Your Guide to Common Bike Terms

Brush up on your cycling lingo and stay in the loop.

Ever wonder what all the numbers mean that riders throw down in the peloton?

"I just switched out my 58 SuperSix with Nine G wheels, a 12-25 and a 54/39 up front," says rider number one. "And now I climb cat-threes at 156 max in a 39/21."

"I can't push a 25 on anything steeper than eight percent with 172.5 cranks," says rider number two, "...unless I'm running a compact crank—and then I just drop it into the 36 and motor. Are you spinning 175's?"

Of course, every cult has to have its secret handshake, and ours is a jargon of numbers and techno-babble that is tossed between interested members of the peloton when the pace settles in at 150 bpm. For those new to the game, we offer the following Cliff notes:


172.5 Cranks: Crank arms are measured from the center of the bottom bracket to the center of the pedal axle. Available crank lengths range from 165, 170, 172.5, 175, 180 to 185 millimeters, with the accepted standard being 172.5 millimeters.

10-Centimeter Extension: Refers to the length of the handlebar stem between the center of the fork steerer and the center of the handlebar. A 100-millimeter stem is the same as a 10-centimeter extension.

Five degrees of float: Refers to the amount of angular play built in to clipless pedals between the cleat and the engagement mechanism. Pedals that have "float" allow the cyclist's foot to self-center in the pedal.

59-centimeter top tube: The length of the toptube (or an imaginary line) running from the center of the frame's head tube to the center of the seat tube intersection. Because many frames have sloping toptubes, the correct method to measure the toptube's length is level with the ground, along an imaginary line from the center of the frame's head tube, just below the upper headset race, to a line extended through the center of the seattube.

BB30: A 30-millimeter diameter aluminum bottom bracket axle with oversized bearings that are pressed directly into the frame's bottom bracket shell. BB30 was pioneered by Cannondale and spearheaded by FSA.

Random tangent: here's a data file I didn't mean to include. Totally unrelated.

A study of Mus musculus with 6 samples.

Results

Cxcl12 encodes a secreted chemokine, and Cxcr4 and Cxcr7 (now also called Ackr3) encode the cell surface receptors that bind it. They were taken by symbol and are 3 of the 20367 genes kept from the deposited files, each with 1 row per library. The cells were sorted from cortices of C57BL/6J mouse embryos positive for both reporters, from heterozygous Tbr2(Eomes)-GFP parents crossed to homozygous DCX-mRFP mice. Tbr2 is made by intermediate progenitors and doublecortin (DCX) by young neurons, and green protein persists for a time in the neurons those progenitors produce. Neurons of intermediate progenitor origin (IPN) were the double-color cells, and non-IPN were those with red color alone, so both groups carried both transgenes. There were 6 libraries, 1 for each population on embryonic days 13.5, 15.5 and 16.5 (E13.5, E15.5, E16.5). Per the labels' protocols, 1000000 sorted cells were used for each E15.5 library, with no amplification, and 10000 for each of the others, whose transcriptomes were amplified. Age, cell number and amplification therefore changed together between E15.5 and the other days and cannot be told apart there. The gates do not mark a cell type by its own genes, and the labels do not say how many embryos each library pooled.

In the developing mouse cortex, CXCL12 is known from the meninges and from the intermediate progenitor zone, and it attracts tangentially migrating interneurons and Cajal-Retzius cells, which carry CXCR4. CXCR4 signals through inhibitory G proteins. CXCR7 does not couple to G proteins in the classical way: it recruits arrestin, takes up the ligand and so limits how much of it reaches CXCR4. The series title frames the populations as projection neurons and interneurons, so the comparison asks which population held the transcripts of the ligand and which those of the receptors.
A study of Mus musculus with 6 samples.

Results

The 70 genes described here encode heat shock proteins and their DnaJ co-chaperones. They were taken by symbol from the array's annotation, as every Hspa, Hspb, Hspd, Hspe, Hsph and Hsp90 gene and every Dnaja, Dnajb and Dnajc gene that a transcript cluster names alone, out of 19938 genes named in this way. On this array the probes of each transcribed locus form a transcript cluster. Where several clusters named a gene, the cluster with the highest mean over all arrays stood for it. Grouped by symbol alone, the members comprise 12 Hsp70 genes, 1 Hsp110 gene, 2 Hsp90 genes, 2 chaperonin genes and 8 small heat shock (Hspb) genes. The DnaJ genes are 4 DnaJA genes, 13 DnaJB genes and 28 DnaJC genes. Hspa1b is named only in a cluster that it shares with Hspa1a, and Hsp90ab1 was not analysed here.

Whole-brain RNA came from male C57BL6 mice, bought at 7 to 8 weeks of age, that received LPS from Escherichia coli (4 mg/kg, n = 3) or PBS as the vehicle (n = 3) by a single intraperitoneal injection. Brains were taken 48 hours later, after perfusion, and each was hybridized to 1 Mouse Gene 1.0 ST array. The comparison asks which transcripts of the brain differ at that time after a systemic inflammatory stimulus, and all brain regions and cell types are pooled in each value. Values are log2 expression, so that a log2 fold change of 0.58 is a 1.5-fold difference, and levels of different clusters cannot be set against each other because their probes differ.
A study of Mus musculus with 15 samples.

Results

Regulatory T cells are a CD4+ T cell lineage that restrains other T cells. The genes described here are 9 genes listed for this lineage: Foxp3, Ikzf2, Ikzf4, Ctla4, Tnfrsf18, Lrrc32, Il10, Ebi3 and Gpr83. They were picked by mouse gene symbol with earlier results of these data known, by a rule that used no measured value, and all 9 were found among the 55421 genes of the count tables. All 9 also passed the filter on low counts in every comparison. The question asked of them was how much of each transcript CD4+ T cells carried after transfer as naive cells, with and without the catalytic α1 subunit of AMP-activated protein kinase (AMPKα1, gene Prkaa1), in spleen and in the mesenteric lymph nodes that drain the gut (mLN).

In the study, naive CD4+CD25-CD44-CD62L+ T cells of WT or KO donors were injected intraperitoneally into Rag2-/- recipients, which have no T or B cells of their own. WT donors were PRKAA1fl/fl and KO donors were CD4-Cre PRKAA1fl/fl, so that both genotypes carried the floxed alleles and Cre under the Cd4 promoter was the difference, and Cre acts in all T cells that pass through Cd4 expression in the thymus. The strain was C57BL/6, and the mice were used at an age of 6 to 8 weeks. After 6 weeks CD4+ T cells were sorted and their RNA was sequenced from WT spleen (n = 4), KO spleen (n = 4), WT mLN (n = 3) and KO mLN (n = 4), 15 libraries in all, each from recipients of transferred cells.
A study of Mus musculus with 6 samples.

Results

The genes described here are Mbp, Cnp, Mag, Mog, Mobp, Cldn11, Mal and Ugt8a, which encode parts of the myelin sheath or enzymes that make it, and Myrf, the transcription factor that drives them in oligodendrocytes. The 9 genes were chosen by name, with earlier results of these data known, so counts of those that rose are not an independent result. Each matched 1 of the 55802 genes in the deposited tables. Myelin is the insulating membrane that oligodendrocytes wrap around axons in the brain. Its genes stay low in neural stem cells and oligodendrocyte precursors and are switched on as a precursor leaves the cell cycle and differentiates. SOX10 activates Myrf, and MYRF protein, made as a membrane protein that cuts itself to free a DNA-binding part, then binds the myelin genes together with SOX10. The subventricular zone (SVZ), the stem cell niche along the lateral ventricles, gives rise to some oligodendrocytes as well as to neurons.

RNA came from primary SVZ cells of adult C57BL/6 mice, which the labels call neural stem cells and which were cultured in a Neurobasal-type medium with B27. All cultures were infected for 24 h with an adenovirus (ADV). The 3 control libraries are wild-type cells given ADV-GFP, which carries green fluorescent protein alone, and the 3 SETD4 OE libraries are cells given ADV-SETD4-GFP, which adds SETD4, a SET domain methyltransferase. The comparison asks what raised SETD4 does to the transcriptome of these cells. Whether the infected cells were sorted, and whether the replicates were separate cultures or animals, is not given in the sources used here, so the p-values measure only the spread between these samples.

BB30 has gained popularity with carbon frame producers like Specialized, because the system eliminates threads and uses larger, more durable bearings than threaded, cup-type bottom bracket types. Because BB30 uses the narrow, 68-millimeter bottom bracket housing (instead of the 90-millimeter overall width of present external types), the crankset can be tucked away from the rider's feet and the pedals can be moved closer to center, which is considered optimal.

120-millimeter bottom bracket: The standard width of the crankset's bottom bracket axle.

Three-cross drive-side spokes: When a spoke on one side of a wheel crosses over three of its neighbors on the way to the rim, it's called a three-cross pattern. Most pro-level wheels use a combination of two-cross spokes and "radial lacing" where the spokes radiate at 90 degrees from the hub and do not cross.

Bigger gear (or taller gear): Shifting from the small chainring to the large one, or shifting from a larger cog to a smaller one. Bigger gears for speed—smaller gears for climbing.

44 handlebar: The width of a handlebar is usually between 42 and 44 centimeters measured from outside to outside the widest part of the drops.